Title: Lotus Leaves, Water Words: A Reading Performance  
Text, Design and Direction: Prasanna Ramaswamy

Director’s note:
As I always work with texts from varied sources to layout and form out the multiple narratives I want to use the opportunity of the festival platform to explore the canvas of word even more freely. Lit for Life 2013 saw us exploring the flora and fauna from the Tamil landscapes through its literature. In our presentation, we are primarily speaking about water and the other elements in a reference framework.

Last year I had worked with the flow of the river Kaveri as a recurrent motif through Silappadikaram to Azhwar poetry to Sayavanam. This year, the work places water in the centre, so naturally the flow of water becomes the motif, both to celebrate it and also look at its sluggishness caused by ecological violation and worry about it. Through the placement of different melodies and weaving the movements from the hand gestures and body lingo, the design is worked towards creating an evocation and a parallel experience of the spoken word.

The performance begins with the statement on the awareness of the elements through a conversation between Apollonius and Iarchas from the Book 3 of Philastratus, goes on to evoke the beauty and power of water from the community text Rig Veda, celebration of it in performing tradition aka dance, with a composition from the 18th century, leaps on to Cheran Rudramurthy’s ‘Irangal Paa’ (a poet whose word I continuously have been working) wherein he works on autumn as a season as well as a motif and speaks about the ecological violation through mindless avarice of industrialisation and how it affects the water bodies. The actors wonder about the political will and quote Purananuru verse and the Prajapathi-Prakruti verse. The reading of the extraordinarily black humour laced yet unfortunately true ringing story (excerpts) of Kashinath Singh’s Kaun Thagua Nagariya Lutal Ho (Who is the thug looting the city) then progresses to state the political will and political policy which is responsible for the water table degradation and how the rich becomes richer and the marginalised get even more marginalized. Denied the natural resource, which nature offers without discrimination through a text by P Sainath whose writing is a great inspiration for me, goes on to reflect on a gesture and verse about the Earth mother through a verse from Bhu Suktham...after all this as artists how we recover and continue to speak of our life, through whose else but Bharathi's words, which is followed by reflections through the words of Rilke, Ackermann, a verse from the native American Song of the Stars followed by John F Kennedy’s reflection of the Earth as a space commonly inhabited by everyone...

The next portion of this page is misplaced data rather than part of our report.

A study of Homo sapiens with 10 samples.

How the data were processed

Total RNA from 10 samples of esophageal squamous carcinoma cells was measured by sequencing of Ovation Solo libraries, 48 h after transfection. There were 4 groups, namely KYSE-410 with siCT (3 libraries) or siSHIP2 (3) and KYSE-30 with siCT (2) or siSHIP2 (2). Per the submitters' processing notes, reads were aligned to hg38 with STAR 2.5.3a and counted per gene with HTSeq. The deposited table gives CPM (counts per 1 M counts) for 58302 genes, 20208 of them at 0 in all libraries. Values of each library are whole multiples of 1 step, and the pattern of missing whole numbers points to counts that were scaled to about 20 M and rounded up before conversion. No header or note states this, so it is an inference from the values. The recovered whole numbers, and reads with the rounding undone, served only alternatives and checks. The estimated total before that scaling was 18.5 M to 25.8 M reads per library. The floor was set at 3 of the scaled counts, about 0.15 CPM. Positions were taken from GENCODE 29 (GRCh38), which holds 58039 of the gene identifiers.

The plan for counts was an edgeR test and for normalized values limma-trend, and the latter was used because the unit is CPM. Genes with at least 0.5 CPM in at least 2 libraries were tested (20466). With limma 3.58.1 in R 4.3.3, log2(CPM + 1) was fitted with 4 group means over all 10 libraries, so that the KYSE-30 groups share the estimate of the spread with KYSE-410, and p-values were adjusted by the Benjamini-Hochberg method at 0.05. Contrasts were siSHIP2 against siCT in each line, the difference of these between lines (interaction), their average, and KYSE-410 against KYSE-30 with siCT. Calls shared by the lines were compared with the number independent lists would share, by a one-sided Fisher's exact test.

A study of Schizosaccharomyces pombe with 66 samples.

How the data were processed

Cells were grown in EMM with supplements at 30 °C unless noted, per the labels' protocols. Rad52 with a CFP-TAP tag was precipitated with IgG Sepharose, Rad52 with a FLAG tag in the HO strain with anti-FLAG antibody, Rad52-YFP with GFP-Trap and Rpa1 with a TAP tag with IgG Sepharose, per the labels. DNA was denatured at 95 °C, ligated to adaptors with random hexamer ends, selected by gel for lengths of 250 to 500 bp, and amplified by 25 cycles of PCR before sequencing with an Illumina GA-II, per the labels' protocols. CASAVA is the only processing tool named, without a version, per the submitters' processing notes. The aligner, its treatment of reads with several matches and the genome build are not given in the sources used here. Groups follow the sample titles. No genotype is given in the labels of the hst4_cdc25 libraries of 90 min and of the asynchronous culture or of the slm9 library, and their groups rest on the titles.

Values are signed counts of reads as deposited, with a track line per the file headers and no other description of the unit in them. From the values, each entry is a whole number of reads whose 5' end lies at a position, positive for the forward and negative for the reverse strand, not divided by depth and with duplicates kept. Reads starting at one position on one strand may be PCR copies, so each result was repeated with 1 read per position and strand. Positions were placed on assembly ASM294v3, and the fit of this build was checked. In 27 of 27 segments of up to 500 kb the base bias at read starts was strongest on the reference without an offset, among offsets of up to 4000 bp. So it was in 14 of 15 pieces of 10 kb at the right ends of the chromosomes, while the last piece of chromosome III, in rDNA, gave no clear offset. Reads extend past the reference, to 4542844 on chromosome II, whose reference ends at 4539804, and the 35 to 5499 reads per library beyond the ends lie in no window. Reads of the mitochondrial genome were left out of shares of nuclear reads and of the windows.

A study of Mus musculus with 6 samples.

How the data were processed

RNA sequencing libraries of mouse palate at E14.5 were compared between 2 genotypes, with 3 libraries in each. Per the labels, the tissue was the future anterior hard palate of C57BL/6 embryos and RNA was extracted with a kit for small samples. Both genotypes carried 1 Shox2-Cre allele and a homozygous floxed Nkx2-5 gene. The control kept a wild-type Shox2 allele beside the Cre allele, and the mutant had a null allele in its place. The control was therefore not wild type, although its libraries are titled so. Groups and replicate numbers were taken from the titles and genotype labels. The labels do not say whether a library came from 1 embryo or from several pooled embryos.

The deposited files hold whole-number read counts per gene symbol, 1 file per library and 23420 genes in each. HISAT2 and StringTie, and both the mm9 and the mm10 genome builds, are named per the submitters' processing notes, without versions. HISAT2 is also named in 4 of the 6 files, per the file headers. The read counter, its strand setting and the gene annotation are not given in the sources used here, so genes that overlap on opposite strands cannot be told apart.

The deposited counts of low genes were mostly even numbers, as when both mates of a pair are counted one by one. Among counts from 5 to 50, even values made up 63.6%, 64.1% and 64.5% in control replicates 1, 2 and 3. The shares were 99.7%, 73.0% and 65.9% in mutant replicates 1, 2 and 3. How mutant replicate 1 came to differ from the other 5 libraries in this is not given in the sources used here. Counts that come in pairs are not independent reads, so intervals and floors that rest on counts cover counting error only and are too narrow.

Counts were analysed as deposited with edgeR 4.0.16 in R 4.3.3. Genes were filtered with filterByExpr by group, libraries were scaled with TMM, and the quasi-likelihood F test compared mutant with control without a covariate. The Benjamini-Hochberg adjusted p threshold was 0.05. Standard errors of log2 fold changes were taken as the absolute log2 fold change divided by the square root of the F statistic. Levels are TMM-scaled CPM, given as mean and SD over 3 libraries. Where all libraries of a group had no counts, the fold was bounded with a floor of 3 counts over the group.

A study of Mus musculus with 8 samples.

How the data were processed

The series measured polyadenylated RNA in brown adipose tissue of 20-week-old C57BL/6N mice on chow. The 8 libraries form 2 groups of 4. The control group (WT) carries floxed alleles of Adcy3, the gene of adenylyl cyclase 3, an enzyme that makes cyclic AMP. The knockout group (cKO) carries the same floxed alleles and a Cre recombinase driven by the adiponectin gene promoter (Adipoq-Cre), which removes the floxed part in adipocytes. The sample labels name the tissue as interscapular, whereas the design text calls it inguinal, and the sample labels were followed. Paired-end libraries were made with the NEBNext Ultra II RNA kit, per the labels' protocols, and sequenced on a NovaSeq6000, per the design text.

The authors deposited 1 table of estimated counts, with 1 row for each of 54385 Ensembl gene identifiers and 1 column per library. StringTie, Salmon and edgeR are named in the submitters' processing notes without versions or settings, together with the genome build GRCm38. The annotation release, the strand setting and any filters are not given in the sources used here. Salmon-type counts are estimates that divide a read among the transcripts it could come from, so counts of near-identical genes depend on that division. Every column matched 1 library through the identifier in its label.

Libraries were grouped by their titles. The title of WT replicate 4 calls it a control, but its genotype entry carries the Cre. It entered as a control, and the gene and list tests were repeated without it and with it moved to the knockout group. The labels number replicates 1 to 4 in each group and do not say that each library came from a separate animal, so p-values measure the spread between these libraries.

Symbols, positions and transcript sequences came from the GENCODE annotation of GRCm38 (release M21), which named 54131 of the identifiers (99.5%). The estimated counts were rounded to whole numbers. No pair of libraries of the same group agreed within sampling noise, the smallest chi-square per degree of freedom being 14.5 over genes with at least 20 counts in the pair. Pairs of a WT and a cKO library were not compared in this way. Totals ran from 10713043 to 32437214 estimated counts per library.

When I started putting the texts together for this work, one of the first texts that surfaced in my memory was the recitation of Rig Veda and Bhu Suktham which propitiates the elements of nature and Earth respectively...then I stopped in my tracks and said, recovery is only through reclamation.

Text Sources: Muranchiyur Mudinaganar (Purananuru), Philastratus, Cheran, Kashinath Singh, Diane Ackerman, Rainer Maria Rilke, P Sainath, Clay Moldenhauer, Thanjai Nalvar, John F Kennedy, Prasanna Ramaswamy

Community Texts: Rig Veda, Algonquin Song of the Stars

Participants: P C Ramakrishna, Anita Ratnam, R Rohini, Nellai Manikandan, Niran Vicktor Benjamin, Sushila Ravindranath, Anandh Kumar, Revathy Kumar

- Prabha Sridevan who helped in clarifying the Sanskrit pronunciation of the Rig Veda verses
- Pradeep Chakravarthy who helped in clarifying the pronunciation of Bhu Suktham and also translating the essence of it
- Sita who looked at Bhagavatham for me though I couldn't use that text finally.